Online Educational Resources for Every Genealogist Part 4

You can find the previous posts here:  Part 1, Part 2, and Part 3.

Part 4 of my educational resources are things that can be found online for purchase, rather than reading them online (although you may be able to do that as well; I didn’t go looking for that in particular though). These are books and journals that are considered to be some of the must-haves in the genealogy world. I found my list on the Board for Certification of Genealogist’s educational preparation webpage, as well as their supplemental study list.

Books

  1. Board for Certification of Genealogists. Genealogy Standards, 50th-anniversary edition. Nashville, Tennessee: Ancestry, 2014.
    1. This set of standards is a must in my opinion. It’s nothing long and it’s very clear and concise for what the standards are for genealogists. I also have their past book, the millennium edition, which has a lot of examples that the newer edition does not. I use both!
  2. Eales, Anne Bruner, and Robert M. Kvasnicka, editors. Guide to Genealogical Research in the National Archives of the United States. 3rd edition. Washington, D.C.: National Archives and Records Administration, 2000.
    1. This looks to be available mostly through the National Archives. It’s on my list of books to get, especially as I want to plan a trip to the National Archives next year!
  3. Greenwood, Val D. The Researcher’s Guide to American Genealogy. 3rd edition. Baltimore: Genealogical Publishing Company, 2000.
    1. I have this book and read it while doing the NGS Home Study Course (now called American Genealogical Studies). The NGS course was based on the book and I did find the information quite valuable. It also helped to have another source to go to if I had questions about the coursework. I will say that some of the information is a bit outdated especially when it discussed computer/internet technology but it still has good, sound information.
  4. Jones, Thomas W. Mastering Genealogical Proof. Arlington, VA: National Genealogical Society, 2013.
    1. I used this book during the BU Course I took and loved it! Especially for the citation information. It really lays out what is needed in a citation and made it much clearer to me what should be included (I’m no expert, but this helps!). The exercises included also help to make sure you understand the subject matter.
  5. Mills, Elizabeth Shown.  Evidence Explained: Citing History Sources from Artifacts to Cyberspace. 2nd ed. Baltimore: Genealogical Publishing Co., 2009.
    1. This should be a staple in any genealogists library, hobbyist to professional! Citing sources for genealogists isn’t always easy and this book helps to lay out examples and give information on what is needed for different types of sources. As a history major and now a genealogist, I think citations are a MUST whenever doing research. In my early years as a genealogist, I did not write down where I got the information. Now, if I want to see it in case it had other information in it (because I didn’t record that either), I have to re-find it. Citations are incredibly helpful and necessary!
  6. Mills, Elizabeth Shown, editor. Professional Genealogy: A Manual for Researchers, Writers, Editors, Lecturers, and Librarians. Baltimore: Genealogical Publishing Company, 2001.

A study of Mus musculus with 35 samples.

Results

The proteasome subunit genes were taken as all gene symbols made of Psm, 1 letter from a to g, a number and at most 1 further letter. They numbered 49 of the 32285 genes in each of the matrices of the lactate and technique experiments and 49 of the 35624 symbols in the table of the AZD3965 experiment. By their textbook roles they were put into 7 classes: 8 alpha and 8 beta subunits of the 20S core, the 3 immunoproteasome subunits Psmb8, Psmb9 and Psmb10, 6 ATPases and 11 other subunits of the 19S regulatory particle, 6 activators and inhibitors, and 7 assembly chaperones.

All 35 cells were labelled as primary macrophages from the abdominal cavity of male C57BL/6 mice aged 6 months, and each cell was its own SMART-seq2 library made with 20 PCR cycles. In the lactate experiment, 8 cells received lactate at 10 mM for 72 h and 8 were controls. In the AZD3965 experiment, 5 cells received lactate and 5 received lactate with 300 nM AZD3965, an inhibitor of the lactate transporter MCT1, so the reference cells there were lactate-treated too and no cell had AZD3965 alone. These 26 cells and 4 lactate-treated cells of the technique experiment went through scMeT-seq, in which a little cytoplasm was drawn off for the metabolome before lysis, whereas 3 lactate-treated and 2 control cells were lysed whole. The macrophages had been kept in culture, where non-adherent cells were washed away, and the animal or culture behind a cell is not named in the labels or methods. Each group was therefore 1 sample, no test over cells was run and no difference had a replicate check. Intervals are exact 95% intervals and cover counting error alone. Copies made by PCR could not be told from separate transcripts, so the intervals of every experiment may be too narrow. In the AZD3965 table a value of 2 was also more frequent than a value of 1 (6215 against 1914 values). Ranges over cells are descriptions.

1. This was one of the first books I bought and it’s where I found a lot of the information that led me to the path I am on currently. It is also required for the ProGen study group I mentioned before as well. Not to mention, there are excellent examples for client reports and contracts. Plus, it’s great for those getting started in creating a genealogy business and mentions all the little things that I hadn’t thought of before reading (like insurance, the kinds of business types, etc.).

There are obviously more books but I feel like these give someone a great start on their genealogy library.

Journals

Journals are a wonderful way to see how other professional genealogists create proof arguments, articles, methodology, citations, and more. It’s a great way to learn how to begin writing like a professional genealogist, not to mention that most genealogists find all the information fascinating and fun to read! 🙂

  1. National Genealogical Society Quarterly – by the National Genealogical Society
    1. This is the first big journal I started to receive and it’s still one of my favorites. I love all the information in the articles and love learning from each one.
  2. New England Historical and Genealogical Register – by the New England Historic Genealogical Society
    1. I just recently signed up for this one and haven’t had a chance to read through the journal yet but have had this one widely recommended to me so I’m positive it’ll be a good read.
  3. New York Genealogical and Biographical Society Record – by the New York Genealogical and Biographical Society
    1. This is the second oldest genealogical journal in the US and comes also highly recommended, especially for people with New York research.
  4. The American Genealogist 
    1. This is an independent quarterly journal also known as TAG. Donald Lines Jacobus founded the journal in 1922. It is known for it’s carefully documented research and work.
  5. The Genealogist – by The American Society of Genealogists
    1. Another high-quality journal known for it’s well documented research and scholarly articles. This journal isn’t a quarterly like the others and is published twice a year.

 

Any other must-haves out there? High book/journal recommendations? Any of what I mentioned something that you love? Leave a comment!



2 Comments

  1. Don’t forget to include books like The Chicago Manual of Style (which is a must for any writer)…and Black’s Law.